June 22, 2015

By Find Jay on Google+

Yesterday was Father's Day, the least important day in the civil calendar. Which is as it should be, for to be a good father is to suffer silently. Your job is to watch the horizon for danger and keep your family safe. Safe from ne'er-do-well suitors who may attack your daughters and femme fatales who may attack your sons; safe from unscrupulous gardeners who may seek to compromise your wife's honor and free from your mother, who sees no honor in her under any circumstances.

Unlike Mother's Day, which celebrates the beatification of a saint, Father's Day is a holiday where the honoree is given the privilege of barbecuing his own meal and the meals of all other celebrants as well. Rather than strawberry-covered waffles in bed, the father is required to get up at dawn to get hot bagels while, at the same time, filling the specific bagel variety requests of everyone in the household, without daring to wake them to find out what those requests are. Finally, insofar as gifts are concerned,

Playing On The Slip And Slide

the father is never allowed to complain about any gift. Unlike the mother, for whom no gift is too good, every gift the father receives is perfect. Indeed, this is so even if it is the same gift he has received for the last 17 years.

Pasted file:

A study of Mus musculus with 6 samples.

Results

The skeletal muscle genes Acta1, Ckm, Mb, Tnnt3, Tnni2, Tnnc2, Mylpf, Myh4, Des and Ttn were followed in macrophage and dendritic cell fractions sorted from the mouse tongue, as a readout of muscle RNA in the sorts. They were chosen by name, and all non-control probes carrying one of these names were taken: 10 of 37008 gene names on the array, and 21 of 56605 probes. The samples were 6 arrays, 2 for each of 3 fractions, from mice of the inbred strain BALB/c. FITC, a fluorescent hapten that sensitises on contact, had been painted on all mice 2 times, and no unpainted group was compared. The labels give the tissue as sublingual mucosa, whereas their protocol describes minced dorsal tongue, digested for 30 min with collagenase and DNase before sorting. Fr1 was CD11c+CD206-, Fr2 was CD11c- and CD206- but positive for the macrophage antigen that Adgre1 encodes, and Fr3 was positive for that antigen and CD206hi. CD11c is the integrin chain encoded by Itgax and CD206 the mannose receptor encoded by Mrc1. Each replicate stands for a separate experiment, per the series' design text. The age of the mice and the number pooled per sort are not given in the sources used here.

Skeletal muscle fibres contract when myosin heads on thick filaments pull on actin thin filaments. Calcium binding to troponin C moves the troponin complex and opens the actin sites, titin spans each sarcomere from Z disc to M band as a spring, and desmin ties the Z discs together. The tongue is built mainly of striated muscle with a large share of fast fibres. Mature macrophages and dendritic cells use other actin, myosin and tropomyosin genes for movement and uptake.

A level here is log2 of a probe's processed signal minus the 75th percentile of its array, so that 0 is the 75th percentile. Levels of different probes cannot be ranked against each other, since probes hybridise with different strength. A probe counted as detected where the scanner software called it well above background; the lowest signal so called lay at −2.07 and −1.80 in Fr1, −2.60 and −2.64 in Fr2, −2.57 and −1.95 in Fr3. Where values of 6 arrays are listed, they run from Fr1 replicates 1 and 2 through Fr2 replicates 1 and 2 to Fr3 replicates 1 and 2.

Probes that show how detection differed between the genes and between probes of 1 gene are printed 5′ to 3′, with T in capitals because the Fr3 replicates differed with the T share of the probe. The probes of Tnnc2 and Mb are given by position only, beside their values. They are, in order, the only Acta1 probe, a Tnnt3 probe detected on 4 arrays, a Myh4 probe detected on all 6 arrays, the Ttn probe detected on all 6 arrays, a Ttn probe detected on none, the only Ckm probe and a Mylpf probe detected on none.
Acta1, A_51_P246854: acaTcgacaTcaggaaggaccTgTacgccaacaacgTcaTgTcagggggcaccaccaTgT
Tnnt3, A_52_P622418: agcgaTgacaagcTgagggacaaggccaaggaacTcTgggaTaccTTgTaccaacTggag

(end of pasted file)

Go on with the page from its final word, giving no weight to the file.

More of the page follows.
So, buck up bunky and appreciate the nobility of it all. Suffer in silence, taking comfort in the fact that you are doing everything wrong, which is to say, everything right.

Every lawyer knows that a waxed floor or a marble floor is inherently slippery and that barring some intervening negligent act, like over-waxing, no action lies for the unfortunate victim (which is everyone, at one time or another) who slips on that floor. Sure, it makes no sense. But what about the plaintiff who slips on a marble stair tread that is worn at its nose? Is such an edge an actionable defect? In a decision far too short for the damage it

causes, the First Department says "no" in Carrion v. Faulkner, 2015 NY Slip Op 05271 (1st Dep't, 6/18/15). The reasoning is quite scanty, as it should be, for it makes little sense, except historically.

Understand, we deal here with a "pure" marble step that is merely worn. There is no debris on the step which cause plaintiff's fall. In relying on cases such as its decision in Richards v. Kahn's Realty Corp., 114 A.D.3d 475 (1st Dep't 2014), the court reminds us that "[t]he slippery condition of marble stairs due to their smoothness is not an actionable defect." Richards' citation for that principle is Sims v. 3349 Hull Avenue Realty, 106 A.D.3d 466 (1st Dep't 2013) which involved a "worn marble tread." In turn, Sims cites to Murphy v. Conner, 84 N.Y.2d 969 (1994), which states that where plaintiff offers no evidence of the reasons for her fall other than smooth floor tiles, such as that they were wet or over-polished, there is no liability. In other words, sure marble is inherently dangerous as a floor covering, but not in the enchanted world that we lawyers live in, where there is nothing more counter-intuitive than common sense.